Green Berets Honored First at 9/11 Monument

The first statue at Ground Zero honors the Green Berets who responded to the call for a War on Terror after the 9/11 attack on America.


9/11 attack on the WTC
9/11 attack on the WTC
Israel news photo: Joel Meyerowitz/ US State

The first statue at New York's Ground Zero -- one of the three sites of the "9/11" September 11, 2001 Al Qaeda terrorist attack on the United States -- will honor the Special Forces of the Green Berets who responded to then-President George W. Bush's call for a War on Terror.

The monument is to be unveiled during New York's Veteran's Day Parade on Nov. 11, and will depict a lone U.S. commando on horseback in the mountains of Afghanistan, rather than one of the valiant firefighters or police officers who also gave their lives in service, fighting to save others during the conflagration that destroyed the Twin Towers of the World Trade Center that day.

Bearing the motto of the Green Berets, “De Oppresso Liber,” – “To Free the Oppressed” – the monument honors all those who responded to the call to fight Al Qaeda in its home base, then and since.

The statue, created by artist Douwe Blumberg, is made of bronze, stands 18 feet tall and weighs three tons. Embedded in the base of the sculpture is a piece of steel from the fallen Twin Towers of New York City's World Trade Center, bearing the words, “America's Response Monument.”

The story of the start of America's war on terror, with three small hand-picked  teams of U.S. special forces, tasked with the unprecedented mission of organizing what eventually became the Northern Alliance, is what inspired the artist, he told The Washington Times.

The small group of 34 troops on horseback organized the group of warlords and freedom fighters that battled Afghanistan's ruling Taliban, the Islamist protectors of the international Al Qaeda terrorist organization, guided by special forces of the Green Berets.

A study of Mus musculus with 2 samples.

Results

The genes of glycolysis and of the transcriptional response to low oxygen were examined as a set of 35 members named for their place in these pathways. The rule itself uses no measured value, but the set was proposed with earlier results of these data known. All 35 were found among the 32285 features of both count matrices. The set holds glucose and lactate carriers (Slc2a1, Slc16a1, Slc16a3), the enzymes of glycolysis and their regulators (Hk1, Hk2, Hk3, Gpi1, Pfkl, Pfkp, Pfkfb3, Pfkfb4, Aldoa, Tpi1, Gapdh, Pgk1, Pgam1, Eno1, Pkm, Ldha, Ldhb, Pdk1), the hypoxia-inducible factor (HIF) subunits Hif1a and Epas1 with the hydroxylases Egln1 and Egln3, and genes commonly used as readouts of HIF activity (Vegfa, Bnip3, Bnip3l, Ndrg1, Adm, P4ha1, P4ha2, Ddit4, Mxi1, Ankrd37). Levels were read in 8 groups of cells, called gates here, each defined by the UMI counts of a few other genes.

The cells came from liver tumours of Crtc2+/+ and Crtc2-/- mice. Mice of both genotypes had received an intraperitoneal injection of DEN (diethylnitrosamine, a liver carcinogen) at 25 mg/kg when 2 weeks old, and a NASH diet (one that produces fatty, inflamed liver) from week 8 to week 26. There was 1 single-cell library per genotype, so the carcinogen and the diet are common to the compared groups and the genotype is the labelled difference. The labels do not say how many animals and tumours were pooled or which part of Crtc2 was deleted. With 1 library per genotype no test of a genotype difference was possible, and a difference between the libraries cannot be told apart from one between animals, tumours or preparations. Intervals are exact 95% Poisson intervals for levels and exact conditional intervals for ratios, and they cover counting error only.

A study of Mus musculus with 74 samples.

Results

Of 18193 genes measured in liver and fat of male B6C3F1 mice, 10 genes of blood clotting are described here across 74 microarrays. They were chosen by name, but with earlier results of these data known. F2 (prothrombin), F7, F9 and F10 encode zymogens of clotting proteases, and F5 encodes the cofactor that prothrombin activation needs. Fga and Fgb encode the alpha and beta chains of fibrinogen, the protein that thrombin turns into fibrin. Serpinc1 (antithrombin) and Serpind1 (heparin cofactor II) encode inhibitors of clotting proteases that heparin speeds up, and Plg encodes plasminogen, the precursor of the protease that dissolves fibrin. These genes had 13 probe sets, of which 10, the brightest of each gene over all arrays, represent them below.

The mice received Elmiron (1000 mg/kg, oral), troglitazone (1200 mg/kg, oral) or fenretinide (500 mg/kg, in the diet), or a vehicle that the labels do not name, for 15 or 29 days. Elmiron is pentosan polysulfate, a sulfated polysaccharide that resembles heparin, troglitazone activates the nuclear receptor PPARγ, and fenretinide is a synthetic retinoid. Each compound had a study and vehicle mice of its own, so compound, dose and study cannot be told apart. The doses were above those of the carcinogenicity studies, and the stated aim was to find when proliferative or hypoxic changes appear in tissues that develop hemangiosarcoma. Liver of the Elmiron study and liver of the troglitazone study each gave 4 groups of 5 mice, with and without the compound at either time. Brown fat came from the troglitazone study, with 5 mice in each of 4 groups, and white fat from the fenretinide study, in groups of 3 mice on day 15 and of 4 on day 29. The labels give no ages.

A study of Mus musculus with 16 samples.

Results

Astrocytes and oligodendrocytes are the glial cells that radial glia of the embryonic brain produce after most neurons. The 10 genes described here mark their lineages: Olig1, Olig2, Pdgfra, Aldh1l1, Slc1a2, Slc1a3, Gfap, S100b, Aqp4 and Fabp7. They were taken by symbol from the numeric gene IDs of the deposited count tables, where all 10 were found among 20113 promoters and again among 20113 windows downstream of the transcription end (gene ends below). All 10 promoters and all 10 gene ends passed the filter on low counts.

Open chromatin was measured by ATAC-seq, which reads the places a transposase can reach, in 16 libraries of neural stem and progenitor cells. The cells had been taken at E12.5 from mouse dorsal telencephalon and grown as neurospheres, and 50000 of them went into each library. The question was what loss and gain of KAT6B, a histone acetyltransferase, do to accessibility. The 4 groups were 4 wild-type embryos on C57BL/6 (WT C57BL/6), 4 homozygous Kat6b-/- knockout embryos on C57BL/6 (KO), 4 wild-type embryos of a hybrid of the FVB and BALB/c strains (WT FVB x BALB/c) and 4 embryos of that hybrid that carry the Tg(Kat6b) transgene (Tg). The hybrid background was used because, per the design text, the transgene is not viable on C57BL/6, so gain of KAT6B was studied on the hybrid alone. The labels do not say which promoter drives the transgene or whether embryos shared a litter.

On every mission and during every conversation, their ground commander, Lt. Col. (now retired) Max. Bowers, carried in his pocket a small reminder of why they were there: a fragment of the destroyed World Trade Center.

Ten years later, Al Qaeda founder and leader Osama bin Laden was tracked down and finally assassinated earlier this year by a team of Navy SEALS.

But as the United States prepares to drawn down troops and NATO plans to withdraw by 2014, the Taliban appear to be reasserting their control over Afghanistan.

On Saturday, a Taliban suicide bomber killed 13 American soldiers and four Afghani nationals in Kabul. NATO and Afghan officials were meeting at the time elsewhere in the capital city to discuss transfer of security responsibilities back to the national government.

The bomber rammed his explosive-laden van into an armored NATO bus on a busy four-lane highway in the southeastern section of the city. The road is frequently used by foreign military trainers. The same day, there were two additional attacks, bringing to three the number of Taliban attacks against NATO and Afghan forces. At least 21 people were killed.